Would you ever change your career to go into the food industry? I'm almost 30, in a decent paying job, but I don't love it. I'm not exceedingly happy when I go to work, I do healthcare, so totally opposite from the food industry and all that it entails. Anyway, just wanted to know what career options are out there for someone who loves to watch these shows, loves to cook, but kinda in limbo as for what i should do. I don't know if my interest is just a nice hobby or could make a great career. I guess I just would like a little inspiration and creativity where I feel that my current career is lacking. thoughts?

    Are you willing to work weekends, nights, holidays for little or no benefits?
    Food industry is tough work and isn't for everyone.

    2 Replies
    1. re: monku

      I work nights, weekends, and holidays. But I do get benefits. I guess there's not a lot of money in food blogging or writing is there?

      1. re: porkbutt03

        "I guess there's not a lot of money in food blogging or writing is there?"
        I don't know about that, but I guess you could try it in your free time.

        I got out of the restaurant business at 30. Managed restaurants for 7 years and never regretted leaving the industry.

        I know people who have been nipped by the Food TV bug and went to culinary schools and ended up with debt and start at a $10/hour job in a restaurant working nights, weekends and holidays without showing any of their creativity. Maybe it could be different for you.

        You have a decent paying job now, I don't think you'd say the same about the food industry for quite some time.

    2. Get yourself a stage (unpaid work) at a local restaurant. Don't quit your job - just try pulling 60-80 hours a week for a while and see if working in a restaurant still seems like fun. Long hours are common in the industry. That's a serious suggestion, BTW. You might love it- hard work, mindless repetition, low pay and all.

      Some of my best friends are in the restaurant business. They love it, but they didn't quit good-paying jobs at 30 to get in either.

      Personally, I love cooking and I'm decent at it, but there's no way I'd get into the restaurant business.

      Quote: "I guess there's not a lot of money in food blogging or writing is there?"
      _________

      There is for some. Getting a bit of that money is the tricky part. If I could help you here, I'd already be doing it myself. I suspect personal connections help.

      3 Replies
      1. re: cowboyardee

        I've been wondering the same thing as the poster. I've run out of my unemployment, been trying to "think out of the box" as far as making a living. I'm a very decent home cook. BUT -
        I'm 53 years old, have never worked in the restaurant business, and I don't have a lot of energy to begin with.
        I think I know what the answer would be whether I would be good in the restaurant business or not!

        1. re: aurora50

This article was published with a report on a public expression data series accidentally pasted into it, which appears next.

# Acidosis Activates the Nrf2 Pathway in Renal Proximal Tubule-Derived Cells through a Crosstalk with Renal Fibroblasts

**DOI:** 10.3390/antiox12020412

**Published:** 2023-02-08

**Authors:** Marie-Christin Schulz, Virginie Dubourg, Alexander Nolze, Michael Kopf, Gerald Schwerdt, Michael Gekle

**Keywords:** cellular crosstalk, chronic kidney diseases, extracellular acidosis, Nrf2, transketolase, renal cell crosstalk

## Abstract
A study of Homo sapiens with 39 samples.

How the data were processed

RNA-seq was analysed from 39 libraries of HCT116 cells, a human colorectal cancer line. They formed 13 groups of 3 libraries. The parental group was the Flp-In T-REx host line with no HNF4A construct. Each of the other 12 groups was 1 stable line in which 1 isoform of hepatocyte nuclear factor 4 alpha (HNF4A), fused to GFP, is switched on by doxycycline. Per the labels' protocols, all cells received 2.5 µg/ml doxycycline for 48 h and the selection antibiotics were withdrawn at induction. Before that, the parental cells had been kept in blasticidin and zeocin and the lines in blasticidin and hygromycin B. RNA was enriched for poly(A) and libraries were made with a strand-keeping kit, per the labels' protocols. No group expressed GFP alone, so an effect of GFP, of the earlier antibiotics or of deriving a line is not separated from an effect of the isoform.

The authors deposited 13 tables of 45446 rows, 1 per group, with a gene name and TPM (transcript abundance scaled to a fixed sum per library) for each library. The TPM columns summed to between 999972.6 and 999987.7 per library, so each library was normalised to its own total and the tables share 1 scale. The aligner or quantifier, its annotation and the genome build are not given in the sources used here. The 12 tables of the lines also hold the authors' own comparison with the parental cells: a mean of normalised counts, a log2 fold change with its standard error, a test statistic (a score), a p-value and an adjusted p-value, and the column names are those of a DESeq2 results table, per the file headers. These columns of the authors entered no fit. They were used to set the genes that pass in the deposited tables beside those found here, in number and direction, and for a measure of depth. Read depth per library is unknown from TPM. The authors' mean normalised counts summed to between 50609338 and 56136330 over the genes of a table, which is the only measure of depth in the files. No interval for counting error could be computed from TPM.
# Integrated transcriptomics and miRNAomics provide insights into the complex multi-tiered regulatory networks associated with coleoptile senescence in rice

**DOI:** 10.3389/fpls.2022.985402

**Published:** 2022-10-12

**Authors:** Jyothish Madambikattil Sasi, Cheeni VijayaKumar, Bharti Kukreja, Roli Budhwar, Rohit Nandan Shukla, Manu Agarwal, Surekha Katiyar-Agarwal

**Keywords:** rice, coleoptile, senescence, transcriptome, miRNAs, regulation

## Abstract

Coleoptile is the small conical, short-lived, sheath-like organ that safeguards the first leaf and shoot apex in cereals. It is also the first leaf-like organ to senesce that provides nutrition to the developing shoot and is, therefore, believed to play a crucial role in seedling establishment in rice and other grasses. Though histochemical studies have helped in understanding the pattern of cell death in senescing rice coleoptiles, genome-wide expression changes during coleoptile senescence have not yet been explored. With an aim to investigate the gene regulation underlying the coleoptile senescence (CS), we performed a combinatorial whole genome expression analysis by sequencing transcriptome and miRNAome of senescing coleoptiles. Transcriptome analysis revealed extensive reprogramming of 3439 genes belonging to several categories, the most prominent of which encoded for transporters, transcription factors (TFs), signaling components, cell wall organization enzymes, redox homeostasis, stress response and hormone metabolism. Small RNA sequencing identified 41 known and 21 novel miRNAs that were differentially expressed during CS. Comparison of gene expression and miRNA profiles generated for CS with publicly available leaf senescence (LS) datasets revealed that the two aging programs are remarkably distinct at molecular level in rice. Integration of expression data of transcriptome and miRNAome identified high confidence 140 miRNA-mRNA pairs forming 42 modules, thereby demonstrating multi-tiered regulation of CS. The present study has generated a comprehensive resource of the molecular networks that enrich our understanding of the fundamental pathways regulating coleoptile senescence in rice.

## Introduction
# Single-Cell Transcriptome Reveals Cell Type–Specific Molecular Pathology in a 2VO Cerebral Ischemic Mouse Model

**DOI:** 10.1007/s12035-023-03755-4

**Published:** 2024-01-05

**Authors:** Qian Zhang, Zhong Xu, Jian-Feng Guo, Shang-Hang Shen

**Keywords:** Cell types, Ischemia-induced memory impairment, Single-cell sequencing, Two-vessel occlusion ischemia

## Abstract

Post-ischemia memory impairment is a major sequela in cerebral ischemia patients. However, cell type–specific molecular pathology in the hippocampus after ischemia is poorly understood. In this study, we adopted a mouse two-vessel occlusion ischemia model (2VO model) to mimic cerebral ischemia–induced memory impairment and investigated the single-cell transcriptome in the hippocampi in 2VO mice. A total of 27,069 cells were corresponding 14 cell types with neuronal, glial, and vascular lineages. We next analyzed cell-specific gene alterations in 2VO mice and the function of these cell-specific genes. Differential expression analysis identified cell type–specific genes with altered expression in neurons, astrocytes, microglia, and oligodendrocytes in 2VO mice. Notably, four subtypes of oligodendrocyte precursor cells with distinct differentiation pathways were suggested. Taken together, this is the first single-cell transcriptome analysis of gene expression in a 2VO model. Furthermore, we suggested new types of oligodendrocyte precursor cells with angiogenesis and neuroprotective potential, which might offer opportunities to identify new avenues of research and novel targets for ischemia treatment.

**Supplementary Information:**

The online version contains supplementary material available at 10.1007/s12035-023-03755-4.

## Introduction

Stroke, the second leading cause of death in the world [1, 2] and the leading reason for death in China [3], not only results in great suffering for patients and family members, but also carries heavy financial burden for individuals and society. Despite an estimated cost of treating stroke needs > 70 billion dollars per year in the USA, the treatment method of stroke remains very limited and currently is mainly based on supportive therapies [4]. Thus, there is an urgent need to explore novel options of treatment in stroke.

I cooked professionally and managed kitchens for 20 years. I took a job as a waiter and got a degree and joined the real world. I loved it while I did it, but at 49, my knees aren't up to 14 - 16 hour days. And my paycheck is a lot bigger than when I was in the biz.

          If you're 53 without a lot of energy, the restaurant biz is not for you.

          1. re: chileheadmike

            Anthony Bourdain addressed this question in his latest book, "Medium Raw." Basically, he said the same thing which you did, Chile Head Mike. At least for cooks, if you are over 30, he does not recommend getting into the restaurant business.

        1. As far as a career move, I think to switch to the food industry when you have a solid career going (and one that has benefits!) is a poor decision. Especially in the current economical climate.
          I think food/chef tv shows have seriously romanticized professional cooking.
          Professional cooking also isn't something you jump into w/o expecting to put in many years of grueling hours for little pay, in the name of experience. I have a culinary degree, working towards a bachelors in culinary management and I've made peanuts for the past few years. My only saving grace is a spouse who makes enough to cover our bills. It's purely a labor of love for me and tbh, I'd probably end up hating and resenting it if I had to depend on it as a source of income.

          I'd say, keep being a foodie as a hobby.

          1. Anthony Bourdain wrote a chapter in his new book Medium Raw addressing people thinking about switching careers to the restaurant industry. I'll summarize his main point: don't do it!

            3 Replies
            1. re: Nicole

              I was collecting unemployment and had a severance package a few years back. I decided to go to culinary school. While there I started having doubts, it was reading kitchen confidential that assured me I did NOT want to pursue this career.

              1. re: Nicole

                If everyone who read that chapter didn't do it....we wouldn't have any future culinary superstars....i have worked in kitchens off and on for 20 years and yes, it takes a special person to work in one...are you that person? You don't know until you try it for at least one solid year!!!!

                1. re: Nicole

                  I'd also recommend reading Heat, or, to use its full title, Heat: An Amateur's Adventures as Kitchen Slave, Line Cook, Pasta-Maker, and Apprentice to a Dante-Quoting Butcher in Tuscany by Bill Buford.